Colombia's Medellín, once Pablo Escobar's turf, astonishes world with radical redo

Cities struggling with deep-seated violence look at Medellín, Colombia as a beacon of hope and an example of what can be done — it shows them what true renaissance looks like.

In the 80s and 90s, many tourists traveling in the country skipped the Andean city, terrorized as it was by notorious drug lord Pablo Escobar and the ruthless cartel he named after his home city, the infamous Cartel de Medellín.

The fear started to dissipate slowly after the so-called “King of Cocaine” was finally gunned down in 1993, and now Colombia’s second city is notorious for a very different reason: its astounding transformation into a modern, vibrant and safe metropolis.

Just last week Medellín was awarded the prestigious Lee Kuan Yew World City Prize 2016 by the Urban Redevelopment Authority and the Center for Liveable Cities. And three years ago, Citi and the Marketing Services Department of the Wall Street Journal crowned Medellín the “Innovative City of the Year” — beating out fellow finalists New York City and Tel Aviv.

After the 2013 designation, tourists started to flood Medellín in record numbers — today it is the fastest growing tourism destination in the country outside the capital, according to Colombia’s Tourism Ministry.

Last year alone, nearly 430,000 Americans visited Colombia, a 27 percent increase from the previous year.

Experts and local officials say the advances in the “City of Eternal Spring” were accomplished by targeting social spending, a modern transport system and partnerships between the private and public sector.

“A city is not safer when there is a bigger police force, but when there are spaces of cohabitation,” said Jorge Melguizo, former Secretary of Citizen Culture in Medellín, home to roughly 3.5 million people.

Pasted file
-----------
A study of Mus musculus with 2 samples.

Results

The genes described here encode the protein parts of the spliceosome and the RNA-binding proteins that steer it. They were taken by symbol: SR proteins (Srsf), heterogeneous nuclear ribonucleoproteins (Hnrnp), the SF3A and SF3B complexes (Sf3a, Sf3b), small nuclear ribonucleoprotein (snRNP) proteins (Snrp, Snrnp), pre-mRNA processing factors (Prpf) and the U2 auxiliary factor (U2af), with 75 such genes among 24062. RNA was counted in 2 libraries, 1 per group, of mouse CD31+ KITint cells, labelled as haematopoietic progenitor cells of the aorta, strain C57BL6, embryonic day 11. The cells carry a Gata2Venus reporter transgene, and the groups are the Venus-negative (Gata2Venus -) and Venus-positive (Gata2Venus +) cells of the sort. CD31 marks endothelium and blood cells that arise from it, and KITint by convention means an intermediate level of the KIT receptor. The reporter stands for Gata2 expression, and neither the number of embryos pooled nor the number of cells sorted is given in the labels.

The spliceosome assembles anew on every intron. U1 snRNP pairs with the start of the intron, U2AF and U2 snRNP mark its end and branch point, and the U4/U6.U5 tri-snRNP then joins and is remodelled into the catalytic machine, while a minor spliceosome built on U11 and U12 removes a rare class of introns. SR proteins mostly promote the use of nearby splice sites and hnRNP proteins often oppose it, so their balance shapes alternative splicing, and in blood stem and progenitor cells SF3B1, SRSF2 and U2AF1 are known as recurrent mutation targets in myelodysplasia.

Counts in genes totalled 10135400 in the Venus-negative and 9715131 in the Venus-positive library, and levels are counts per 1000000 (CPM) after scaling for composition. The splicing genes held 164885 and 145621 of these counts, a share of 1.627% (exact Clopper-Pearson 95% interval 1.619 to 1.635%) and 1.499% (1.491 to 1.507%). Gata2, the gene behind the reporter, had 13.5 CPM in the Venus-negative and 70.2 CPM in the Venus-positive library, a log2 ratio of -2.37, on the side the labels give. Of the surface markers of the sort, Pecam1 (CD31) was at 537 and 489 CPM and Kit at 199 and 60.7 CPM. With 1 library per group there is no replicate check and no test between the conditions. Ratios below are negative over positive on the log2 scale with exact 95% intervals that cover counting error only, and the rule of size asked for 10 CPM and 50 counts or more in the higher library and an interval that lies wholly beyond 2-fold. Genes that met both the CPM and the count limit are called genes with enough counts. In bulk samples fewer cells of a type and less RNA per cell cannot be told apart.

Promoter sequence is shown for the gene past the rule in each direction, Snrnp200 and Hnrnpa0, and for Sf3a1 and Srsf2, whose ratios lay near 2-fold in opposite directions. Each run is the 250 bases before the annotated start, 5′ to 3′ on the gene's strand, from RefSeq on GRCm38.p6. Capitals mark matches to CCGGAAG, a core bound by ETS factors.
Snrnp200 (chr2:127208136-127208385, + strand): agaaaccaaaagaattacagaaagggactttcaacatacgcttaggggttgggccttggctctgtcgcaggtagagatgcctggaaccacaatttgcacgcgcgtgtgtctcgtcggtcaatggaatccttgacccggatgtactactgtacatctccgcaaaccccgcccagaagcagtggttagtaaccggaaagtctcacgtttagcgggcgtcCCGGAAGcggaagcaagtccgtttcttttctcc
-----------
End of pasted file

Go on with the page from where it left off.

“Cohabitation is constructed through social, educational and cultural projects,” added Melguizo, who has held multiple positions focused on urban development within the city government.

Those projects, Meguizo said, focused on Medellín’s poorest neighborhoods – known as comunas – to maximize the impact.

In these areas, a slew of non-governmental organization laid the roots for transformation and became the backbone of Medellín’s social fabric, as they consistently push marginalized groups to demand a better quality of life.

One of those NGOs is Corporacion Cultural Nuestra Gente, which has been offering arts programs in Medellín’s Comuna 2 for more than 20 years.

“You can’t talk of Medellín’s transformation without special consideration of the people in the barrios of Medellín,” said Jorge Blandon, founder of Nuestra Gente. “The transformation was born in these areas, in the discussions in these communities.”

But transforming a city also requires capital, and in this case it was provided in large part by the public utility company Empresas Publicas de Medellín (EPM). At least 30 percent of the company’s profits go to the local government’s social programs.

“EPM has a business model that allows it to compete with private companies,” said the company’s former CEO, Federico Restrepo, “but that also lets it assume functions to resolve social problems in a way that benefits the company.”

Restrepo cited a 2009 project as an example of how EPM has been a key contributor to Medellín’s urban and social development. That year, the company took on a project to bring electricity to comunas, an endeavor that would not seem profitable for a private company but raised the quality of life in the city and prevented the potentially negative impacts of urban migration.

The unique relationship with EPM has enabled Medellín’s local government to take on bigger infrastructure projects, such as the praised overground Metro system that includes cable cars — one of the most prominent physical markers of the city’s transformation. It has also made possible navigating safely through previously cut-off and stigmatized comunas.

While the physical renovations have not solved the city’s struggles with issues like street crime and inequality, the homicide rate in Medellín has dropped by 70 percent in the past four years.

But beyond cosmetics and crime rates, Melguizo said that the entire perception of the city has seen a notable shift among its inhabitants. “The change has been cultural, more than physical,” he said.